Tony Abbott may believe 2014 has been a year of achievement for his government, but its legislative shortcomings are all-too apparent.
Political commentators in the US have a number of terms to describe presidential administrations facing the type of predicament currently confronting the Abbott government.
Three that readily come to mind are lame duck, rudderless, and gridlocked.
All are apt descriptions of the bind team Abbott is facing because the prime minister heads a coalition that doesn’t dominate the Senate.
Unfortunately for the government, Tony Abbott and his ministers show no sign of a coherent strategy to negotiate their various legislative programs through the upper house.
The government’s challenge is, of course, made even more difficult due to the eclectic nature of the crossbench senators, which comprise: two from the Palmer United Party, Glenn Lazarus and Zhenya Wang; idiosyncratic ex-PUP-turned-independent Jacqui Lambie; one-time Victorian DLP member-turned-independent John Madigan; the Motoring Enthusiast Party’s Ricky Muir; South Australian independent Nick Xenophon; Family First’s Bob Day; and Australia’s first libertarian representative, Liberal Democrat David Leyonhjelm.
That’s a complicated mixture of ideologies and personality types.
Clearly blue tie-wearing Liberal MPs not familiar with the turns and twists of the 21st century’s complex brew of ideologies and political machinations find this baffling and disconcerting.
But that’s no reason to be confounded.
Whoever claimed politics, like life, was meant to be easy?
Clearly team Abbott has failed to behave like competent military officers who, by now, would have objectively assessed the lie of the land and likely battlelines ahead.
By that I mean seven of the eight (excluding Senator Xenophon, who’s so popular in Adelaide he even threatens Labor Senate hopefuls) crossbench senators will need preferences aplenty the next time they’re facing voters.
Quite simply, the Liberals should let them know that being cooperative (which doesn’t mean expecting obsequiousness) enhances their chances for a high spot on coalition ‘how to vote’ cards.
I’m sure senators Lambie and Muir, especially, understand that language, since it could be the difference between their being a one-term senator or a two-termer.
The government so far has clearly lacked the ability to consult with and explain proposed legislation to each crossbencher, who should be viewed as legislators, not outsiders.
Hasn’t team Abbott twigged yet which of its MPs get along well, or relatively well, with each of the crossbenchers?
If not why not?
Maybe knockabout Barnaby Joyce, not the generally sombre Senate leader, Eric Abetz, is the one who should be dealing with Senator Lambie.
If not him, perhaps Senator Michaelia Cash.
Surely Liberal MPs don’t only drink, snack and dine with fellow Liberal colleagues.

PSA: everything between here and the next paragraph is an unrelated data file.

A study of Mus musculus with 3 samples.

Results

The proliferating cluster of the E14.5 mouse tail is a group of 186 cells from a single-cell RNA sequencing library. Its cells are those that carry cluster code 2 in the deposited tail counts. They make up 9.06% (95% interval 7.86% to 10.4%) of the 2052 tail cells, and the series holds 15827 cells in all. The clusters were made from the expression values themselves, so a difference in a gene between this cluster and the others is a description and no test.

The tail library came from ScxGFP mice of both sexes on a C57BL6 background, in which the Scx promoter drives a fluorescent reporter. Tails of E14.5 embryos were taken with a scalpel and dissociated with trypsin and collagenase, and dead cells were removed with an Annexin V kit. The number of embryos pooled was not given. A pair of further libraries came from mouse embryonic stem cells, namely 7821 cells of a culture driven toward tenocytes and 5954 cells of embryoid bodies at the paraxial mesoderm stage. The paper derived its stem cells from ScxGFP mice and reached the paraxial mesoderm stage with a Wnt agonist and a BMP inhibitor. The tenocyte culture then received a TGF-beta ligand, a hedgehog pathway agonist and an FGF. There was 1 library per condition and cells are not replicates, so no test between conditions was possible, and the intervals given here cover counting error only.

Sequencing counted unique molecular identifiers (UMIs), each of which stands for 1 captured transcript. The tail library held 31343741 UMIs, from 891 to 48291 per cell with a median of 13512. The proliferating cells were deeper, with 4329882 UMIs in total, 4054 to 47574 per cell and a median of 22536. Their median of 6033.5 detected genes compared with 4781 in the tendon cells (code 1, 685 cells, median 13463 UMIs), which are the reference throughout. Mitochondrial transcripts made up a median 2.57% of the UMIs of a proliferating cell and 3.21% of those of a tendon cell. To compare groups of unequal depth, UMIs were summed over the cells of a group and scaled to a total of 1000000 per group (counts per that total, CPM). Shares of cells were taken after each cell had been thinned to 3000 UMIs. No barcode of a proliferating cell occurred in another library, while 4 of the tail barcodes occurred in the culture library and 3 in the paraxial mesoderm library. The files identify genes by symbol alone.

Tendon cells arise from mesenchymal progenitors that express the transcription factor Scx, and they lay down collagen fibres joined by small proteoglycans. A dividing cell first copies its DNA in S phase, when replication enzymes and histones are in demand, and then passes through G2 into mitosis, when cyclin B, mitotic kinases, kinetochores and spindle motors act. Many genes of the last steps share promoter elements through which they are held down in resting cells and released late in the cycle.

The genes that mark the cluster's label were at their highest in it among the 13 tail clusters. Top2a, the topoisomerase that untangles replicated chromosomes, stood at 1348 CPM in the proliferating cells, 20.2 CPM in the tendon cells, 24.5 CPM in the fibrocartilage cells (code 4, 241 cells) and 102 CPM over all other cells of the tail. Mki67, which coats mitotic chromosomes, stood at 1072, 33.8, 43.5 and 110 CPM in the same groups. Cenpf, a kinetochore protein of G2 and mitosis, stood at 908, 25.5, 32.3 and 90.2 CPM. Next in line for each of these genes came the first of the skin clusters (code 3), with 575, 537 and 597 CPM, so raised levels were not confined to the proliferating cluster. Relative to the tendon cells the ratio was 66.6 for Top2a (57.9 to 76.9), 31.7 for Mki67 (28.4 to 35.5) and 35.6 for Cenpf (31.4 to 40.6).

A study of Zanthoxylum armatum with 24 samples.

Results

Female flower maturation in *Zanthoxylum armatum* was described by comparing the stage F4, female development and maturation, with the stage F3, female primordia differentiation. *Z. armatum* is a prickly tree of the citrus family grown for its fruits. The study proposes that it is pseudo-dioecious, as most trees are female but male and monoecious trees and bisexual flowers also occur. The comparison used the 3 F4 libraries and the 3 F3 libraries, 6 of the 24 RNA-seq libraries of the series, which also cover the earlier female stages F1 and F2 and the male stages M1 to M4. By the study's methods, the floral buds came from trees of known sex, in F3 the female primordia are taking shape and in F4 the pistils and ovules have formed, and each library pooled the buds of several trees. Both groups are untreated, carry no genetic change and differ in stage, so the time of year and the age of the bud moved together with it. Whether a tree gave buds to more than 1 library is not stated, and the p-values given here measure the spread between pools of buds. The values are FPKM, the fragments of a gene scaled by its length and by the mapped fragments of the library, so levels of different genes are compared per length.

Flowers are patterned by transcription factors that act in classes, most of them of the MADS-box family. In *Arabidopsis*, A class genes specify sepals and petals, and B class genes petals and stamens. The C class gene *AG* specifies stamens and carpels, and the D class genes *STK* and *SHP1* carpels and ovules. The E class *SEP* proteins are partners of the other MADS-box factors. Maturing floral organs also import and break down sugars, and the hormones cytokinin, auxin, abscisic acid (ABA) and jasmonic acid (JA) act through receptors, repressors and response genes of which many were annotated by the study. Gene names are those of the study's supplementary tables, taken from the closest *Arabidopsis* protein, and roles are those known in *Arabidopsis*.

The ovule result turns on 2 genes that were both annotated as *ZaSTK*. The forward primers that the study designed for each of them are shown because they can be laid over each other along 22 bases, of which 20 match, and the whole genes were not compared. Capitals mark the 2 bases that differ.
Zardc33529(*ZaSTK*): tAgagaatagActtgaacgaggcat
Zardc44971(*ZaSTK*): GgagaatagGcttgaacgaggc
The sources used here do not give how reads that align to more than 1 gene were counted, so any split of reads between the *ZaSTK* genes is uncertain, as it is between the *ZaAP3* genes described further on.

We know, for example, that Western Australia’s Senator Mathias Cormann is broad spirited enough to mix it even with former Labor icons.
Back in March, The Australian Financial Review carried an intriguing report, from which I quote.
“Within days of his appointment [Finance Minister], Cormann made a symbolic visit to the person who set the modern standard for the finance ministry, a hard-as-nails crusader against wasteful government spending, former Hawke government minister Peter Walsh – the only post-war Labor finance minister to produce budget surpluses,” it reads.
“The meeting was set up by former Gillard government resources minister Gary Gray.
“Gray and Cormann have a cordial relationship, an acquaintance that goes back to the days when they moved in the same Perth resources sector circles.
“Gray is Peter Walsh’s son-in-law and he invited Cormann and his wife, Hayley, to a dinner at his home with the Walshes.
“Cormann had previously met Walsh and was an admirer: he had a copy of Walsh’s political memoir, Confessions of a Failed Finance Minister.”
Clearly – repeating that old cliché – there’s more than one way to skin a cat.
But another thought came to mind after listening to a recent radio interview with Mr Abbott during which he used the word ‘sabotage’ to describe Labor’s approach of choosing to block the coalition’s budget measures.
Surely Mr Abbott hasn’t been reading my long-time friend, Hal Colebatch’s, brilliant bestselling book: Australia’s Secret War: How Unionists Sabotaged Our Troops in World War II?
Colebatch exposed the bloody mindedness of a power-hungry cohort of wartime union bosses who wilfully utilised a range of tactics to thwart Australian military efforts.
If Mr Abbott was smart he’d buy eight copies of Australia’s Secret War and have them delivered to each crossbencher as a 2014 Christmas gift, with the following words handwritten inside: ‘Hope we’re not reliving old times. Best wishes for 2015, and beyond. Tony.’
That may be a better option than risking a double dissolution election next year, because as it currently stands the Abbott government would struggle to win over the voting public.
Whichever road it takes, the government needs more than a press conference and a reboot to advance its legislative agenda, and set itself up to win the next election – whenever that may be.